Government funded "public school at home" programs are often confused with homeschooling. Accidental homeschoolers who are unsure of where to begin the homeschooling process will frequently make inquiries of the school district where their student is currently enrolled. Too often, the state's public-school-at-home program is the only option offered. Many parents sign up for these programs before they understand the choices available in home education.
States receive school funding based, in part, on the number of students enrolled. Students in these alternate programs are regarded as public school students for the purpose of funding. Public-school-at-home students are not subject to any of the state's homeschooling laws and are not recognized as homeschoolers by the school district.
Why do many homeschoolers insist on drawing a line between "real homeschooling" and "public school at home"? It's because they understand there are significant differences between the two. Although the word "homeschool" might cause one to focus on the physical location where education takes place, the more important difference is who directs the education. For this reason, the unwieldy term "parent directed education" is sometimes suggested as a replacement for "homeschool".
An examination of the reasons families give for choosing to educate their children at home helps make the differences clear.
If your child learns more slowly, more easily, or "differently" than other children, public-school-at-home may not offer the hoped-for change. Students enrolled in these programs are subject to the same scheduling restraints as their traditionally educated peers. Some of the programs suggest that a student can progress at their own rate, but this is only true to a degree. The work completed on a day-to-day basis may not be monitored, but the student is still expected to turn in a certain number of assignments per week, month, or quarter.
Parents are not free to modify or omit assignments. One mother shared that her son had always been very interested in outer space. He could name the planets and identify numerous constellations by the time he was three. Still, he was required to spend two weeks studying basic concepts dealing with outer space that he had learned years ago. This parent felt her son's time would have been better spent practicing his multiplication facts . . . something he had yet to master.
If you have had disagreements with your child's teachers, think twice before signing up for public-school-at-home. All of these programs require periodic contact with the supervising teacher. In the past, you and your child's teacher may have had a difference of opinion regarding the student's effort or abilities. When you get involved with home-based public education, evaluations address more than just your student's progress. Suddenly, your effectiveness as a tutor is also considered. This can create problems if you know your student requires unconventional methods in order to learn.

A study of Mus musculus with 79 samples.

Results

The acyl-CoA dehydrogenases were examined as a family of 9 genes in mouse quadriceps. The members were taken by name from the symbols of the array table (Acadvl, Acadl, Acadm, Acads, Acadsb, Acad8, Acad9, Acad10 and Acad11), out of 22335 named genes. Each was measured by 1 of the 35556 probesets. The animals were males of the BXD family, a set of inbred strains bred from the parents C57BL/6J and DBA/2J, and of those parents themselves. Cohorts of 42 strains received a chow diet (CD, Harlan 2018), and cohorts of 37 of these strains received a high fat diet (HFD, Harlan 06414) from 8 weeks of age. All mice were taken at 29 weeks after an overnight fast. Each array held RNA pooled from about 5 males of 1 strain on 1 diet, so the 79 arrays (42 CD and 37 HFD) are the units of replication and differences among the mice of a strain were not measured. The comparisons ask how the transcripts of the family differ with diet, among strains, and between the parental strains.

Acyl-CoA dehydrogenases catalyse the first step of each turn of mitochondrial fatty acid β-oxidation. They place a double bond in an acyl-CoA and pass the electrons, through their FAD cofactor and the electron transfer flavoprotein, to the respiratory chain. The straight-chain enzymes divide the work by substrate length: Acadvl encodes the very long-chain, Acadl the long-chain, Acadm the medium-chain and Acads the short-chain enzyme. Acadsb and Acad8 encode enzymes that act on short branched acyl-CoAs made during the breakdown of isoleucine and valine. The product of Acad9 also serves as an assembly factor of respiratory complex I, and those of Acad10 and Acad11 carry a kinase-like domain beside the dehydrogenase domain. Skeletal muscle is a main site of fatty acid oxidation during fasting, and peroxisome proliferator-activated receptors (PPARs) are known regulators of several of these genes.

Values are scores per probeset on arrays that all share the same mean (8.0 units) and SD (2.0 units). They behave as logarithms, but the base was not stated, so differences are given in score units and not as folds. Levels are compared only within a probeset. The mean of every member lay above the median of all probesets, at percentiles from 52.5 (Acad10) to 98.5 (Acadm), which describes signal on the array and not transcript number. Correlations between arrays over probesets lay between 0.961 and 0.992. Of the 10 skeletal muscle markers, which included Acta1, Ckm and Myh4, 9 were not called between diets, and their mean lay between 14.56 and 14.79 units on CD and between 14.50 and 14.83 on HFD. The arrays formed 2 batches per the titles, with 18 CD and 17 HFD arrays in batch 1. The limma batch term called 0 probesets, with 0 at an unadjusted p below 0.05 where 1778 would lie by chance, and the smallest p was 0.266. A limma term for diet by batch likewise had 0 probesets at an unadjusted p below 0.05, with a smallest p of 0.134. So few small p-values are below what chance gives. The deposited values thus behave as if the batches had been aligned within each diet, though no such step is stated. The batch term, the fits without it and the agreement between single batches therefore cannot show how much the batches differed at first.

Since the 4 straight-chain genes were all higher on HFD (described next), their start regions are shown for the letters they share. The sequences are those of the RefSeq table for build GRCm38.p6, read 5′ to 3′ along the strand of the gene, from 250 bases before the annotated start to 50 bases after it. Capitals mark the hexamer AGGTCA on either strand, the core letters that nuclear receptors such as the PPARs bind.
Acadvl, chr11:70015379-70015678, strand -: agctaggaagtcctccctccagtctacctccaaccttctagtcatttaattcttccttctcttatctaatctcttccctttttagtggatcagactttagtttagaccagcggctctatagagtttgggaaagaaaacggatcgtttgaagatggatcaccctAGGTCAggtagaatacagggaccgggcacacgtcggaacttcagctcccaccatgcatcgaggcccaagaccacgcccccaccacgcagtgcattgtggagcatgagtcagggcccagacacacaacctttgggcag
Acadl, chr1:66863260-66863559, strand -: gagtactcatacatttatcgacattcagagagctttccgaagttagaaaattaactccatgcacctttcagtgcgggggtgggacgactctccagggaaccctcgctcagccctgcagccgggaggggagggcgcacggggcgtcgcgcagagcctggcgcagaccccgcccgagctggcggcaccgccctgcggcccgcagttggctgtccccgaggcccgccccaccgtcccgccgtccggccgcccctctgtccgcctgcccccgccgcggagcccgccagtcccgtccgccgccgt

If you are committed to your child receiving a public school education, but issues such as health or frequent relocating prevent your child from attending school on a regular basis, public-school-at-home may be right for you. If you hope to avoid a one-size-fits-all curriculum because your student is gifted or has special needs, because your family enjoys a nontraditional schedule, or because interactions at public school have been less than positive for your child or you, you might want to consider learning the homeschool laws in your state and choosing a flexible online curriculum like Time4Learning.
Time4Learning allows students to proceed at their own pace. Lessons may be done in any order. Parents can choose to have their student skip or repeat lessons as needed. Students can work at different grade levels for each subject. Tests may be given or eliminated, open-book or traditional. Parents can tailor how Time4Learning is used to meet the needs of their own students. The price is less than twenty dollars per month, with discounts for additional students and no contract.
The schools' own advertising takes care to explain that their at-home programs are not homeschooling. Public school at home may be a legitimate choice in some cases, but be sure to explore all the options before signing on the dotted line.